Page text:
The Strange Life and Death of President Harding
A Bibliography of Harding and His Times
There are several authors who claim that their biographies of Warren G. Harding are comprehensive, but almost all of these books are flawed. Either a lack of primary sources or a peculiar point of view hampers the effectiveness of these works. Thus, there is no definitive biography of Warren G. Harding. This is not so surprising. He was, after all, an insignificant president. Many of the records of his presidency were destroyed by his wife. His descendants have been vigilant in suppressing materials that might reflect unfavorably on him. A number of works about him and his times seemed to have agendas, and were thus unreliable in presenting the full story of his life and activities. The literature, for the most part, is a not very reliable.
Shortly after his death, three works appeared that are extremely curious. One was by his young mistress, by whom it was claimed he fathered an illegitimate daughter. This was the rather pathetic and romantic expose by Nan Britton. Another work was by Hardings disreputable attorney general and political manager, Harry Daugherty, in which Daugherty attempted to justify both his role as Hardings guiding genius and his own questionable behavior as a political extortionist. The last, the most curious of all, was by Gaston B. Means, a con artist of the first rank, who claimed (as we have seen) that Mrs. Harding poisoned her hapless husband.
Sometime after these three accounts, Samuel Hopkins Adams wrote a biography of Harding that presents the seamy side of the Harding administration in detail. It is a very good read, written in a sort of 1930s tabloid purple prose, but it is a biography based almost entirely on hearsay. The next significant biography was by Francis Russell (1969), a writer who specialized in biographies with his own very personal agendas. He treated Harding the same way as he had his other subjects, building his story on a single element of the persons life. In Hardings case, Russell analyzed him from the sole perspective of his purported mixed blood.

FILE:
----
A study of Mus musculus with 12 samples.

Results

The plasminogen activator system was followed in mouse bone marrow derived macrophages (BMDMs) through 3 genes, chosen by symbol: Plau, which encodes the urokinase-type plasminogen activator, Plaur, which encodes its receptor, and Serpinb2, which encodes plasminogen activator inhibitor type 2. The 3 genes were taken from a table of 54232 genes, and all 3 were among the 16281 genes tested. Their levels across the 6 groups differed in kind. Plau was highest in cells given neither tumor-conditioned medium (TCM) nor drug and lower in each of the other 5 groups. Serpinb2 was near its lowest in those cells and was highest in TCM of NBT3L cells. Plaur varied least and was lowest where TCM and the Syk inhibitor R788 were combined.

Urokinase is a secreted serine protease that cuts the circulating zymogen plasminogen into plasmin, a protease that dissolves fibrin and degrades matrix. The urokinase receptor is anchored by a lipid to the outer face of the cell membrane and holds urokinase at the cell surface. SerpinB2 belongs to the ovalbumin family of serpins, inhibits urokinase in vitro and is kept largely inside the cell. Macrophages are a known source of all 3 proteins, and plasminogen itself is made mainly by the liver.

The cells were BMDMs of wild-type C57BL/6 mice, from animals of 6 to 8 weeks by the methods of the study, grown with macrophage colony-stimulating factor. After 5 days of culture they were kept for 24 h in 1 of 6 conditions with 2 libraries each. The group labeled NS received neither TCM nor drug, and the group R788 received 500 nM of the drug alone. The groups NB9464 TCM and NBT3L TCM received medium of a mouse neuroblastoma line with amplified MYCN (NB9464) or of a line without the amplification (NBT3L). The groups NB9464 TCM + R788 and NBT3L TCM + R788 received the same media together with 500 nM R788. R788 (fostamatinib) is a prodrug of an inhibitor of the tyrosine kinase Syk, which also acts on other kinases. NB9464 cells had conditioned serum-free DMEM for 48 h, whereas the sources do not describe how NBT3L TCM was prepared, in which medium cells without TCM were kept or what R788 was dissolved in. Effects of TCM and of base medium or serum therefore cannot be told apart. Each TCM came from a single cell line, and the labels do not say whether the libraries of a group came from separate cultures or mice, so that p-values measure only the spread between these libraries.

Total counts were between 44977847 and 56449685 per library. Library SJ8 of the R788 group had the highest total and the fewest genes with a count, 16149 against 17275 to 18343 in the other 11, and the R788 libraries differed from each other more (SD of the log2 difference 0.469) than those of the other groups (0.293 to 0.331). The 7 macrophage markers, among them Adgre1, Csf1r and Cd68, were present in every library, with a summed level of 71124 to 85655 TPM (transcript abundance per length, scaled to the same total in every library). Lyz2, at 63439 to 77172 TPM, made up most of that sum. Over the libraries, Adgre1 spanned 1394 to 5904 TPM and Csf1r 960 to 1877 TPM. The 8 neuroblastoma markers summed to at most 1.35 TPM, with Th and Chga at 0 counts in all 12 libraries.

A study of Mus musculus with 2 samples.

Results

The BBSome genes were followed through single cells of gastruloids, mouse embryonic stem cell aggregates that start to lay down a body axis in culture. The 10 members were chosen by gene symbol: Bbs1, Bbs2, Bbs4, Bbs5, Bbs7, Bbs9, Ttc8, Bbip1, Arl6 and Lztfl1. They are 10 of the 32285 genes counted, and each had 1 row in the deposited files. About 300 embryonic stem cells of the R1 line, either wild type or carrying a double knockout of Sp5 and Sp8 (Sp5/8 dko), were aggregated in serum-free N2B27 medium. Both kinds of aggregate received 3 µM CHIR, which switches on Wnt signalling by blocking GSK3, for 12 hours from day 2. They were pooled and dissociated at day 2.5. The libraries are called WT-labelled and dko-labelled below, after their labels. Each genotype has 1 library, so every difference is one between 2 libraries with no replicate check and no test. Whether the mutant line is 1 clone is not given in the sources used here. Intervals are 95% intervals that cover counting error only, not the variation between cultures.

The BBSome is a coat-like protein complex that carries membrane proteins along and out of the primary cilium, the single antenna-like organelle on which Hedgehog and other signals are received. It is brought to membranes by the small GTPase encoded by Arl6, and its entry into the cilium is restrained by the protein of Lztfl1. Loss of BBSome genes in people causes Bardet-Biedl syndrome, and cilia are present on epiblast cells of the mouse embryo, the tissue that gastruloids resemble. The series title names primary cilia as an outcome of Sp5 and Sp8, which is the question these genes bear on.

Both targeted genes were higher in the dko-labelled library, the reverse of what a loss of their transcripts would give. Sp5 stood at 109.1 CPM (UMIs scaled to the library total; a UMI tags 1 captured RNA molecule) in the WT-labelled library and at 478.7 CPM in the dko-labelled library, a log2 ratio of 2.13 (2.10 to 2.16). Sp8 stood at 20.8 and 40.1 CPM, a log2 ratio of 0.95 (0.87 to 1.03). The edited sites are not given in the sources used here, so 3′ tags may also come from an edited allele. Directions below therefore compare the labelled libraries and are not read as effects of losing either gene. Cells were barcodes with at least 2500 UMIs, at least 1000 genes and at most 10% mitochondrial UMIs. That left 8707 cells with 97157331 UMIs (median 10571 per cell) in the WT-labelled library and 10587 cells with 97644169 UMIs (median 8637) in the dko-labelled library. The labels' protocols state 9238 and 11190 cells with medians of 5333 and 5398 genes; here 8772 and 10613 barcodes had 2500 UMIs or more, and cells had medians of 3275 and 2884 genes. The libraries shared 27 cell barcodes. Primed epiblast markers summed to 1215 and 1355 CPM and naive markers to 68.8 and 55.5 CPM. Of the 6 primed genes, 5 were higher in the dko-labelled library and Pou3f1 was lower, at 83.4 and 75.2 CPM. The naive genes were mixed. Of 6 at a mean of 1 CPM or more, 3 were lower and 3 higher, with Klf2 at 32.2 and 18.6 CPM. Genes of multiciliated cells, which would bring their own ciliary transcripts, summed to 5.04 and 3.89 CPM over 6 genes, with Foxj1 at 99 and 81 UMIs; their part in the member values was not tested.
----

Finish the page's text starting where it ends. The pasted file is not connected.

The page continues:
The two most recent biographies of Harding that I read were by John B. Dean (he, of Watergate fame) and Carl Anthony. Deans book is a strange whitewash of Harding, built entirely on the debatable premise that Harding is a maligned figure of history, and was, in fact, quite a wonderful president. Somehow, Dean manages to take every reported flaw of Harding and his presidency and turn each into an admirable attribute. The result is less a defense of Harding and more of a remarkable spin. There have been some reviewers who have praised Deans book, finding it a welcome restoration of Hardings reputation.
The second, by Anthony, is actually a biography of Florence Kling Harding, and is a book that tells the reader more about the real (as far as one can tell) Warren Harding than any of the other works. Of all the references consulted, Anthonys book is the most carefully documented and the least colored by the writers agenda. For all of her flaws, Florence Harding was a much more admirable and interesting character than her husband.
There have been a few attempts to use the strange life and death of Warren Harding as material for artistic endeavors, but none of them has been very successful. At least two novels, now long forgotten, by the Harding biographer Samuel Hopkins Adams and by F. Scott Fitzgerald, were written. And recently a play about a camping trip that Harding, Thomas Edison, and Henry Ford took was produced, but it was not a success.
Quite a few books about the
As to the central issue of how Warren G. Harding died, the most reasoned treatment that considers the various theories, and comes to the most reasonable conclusion, is the book by Anthony.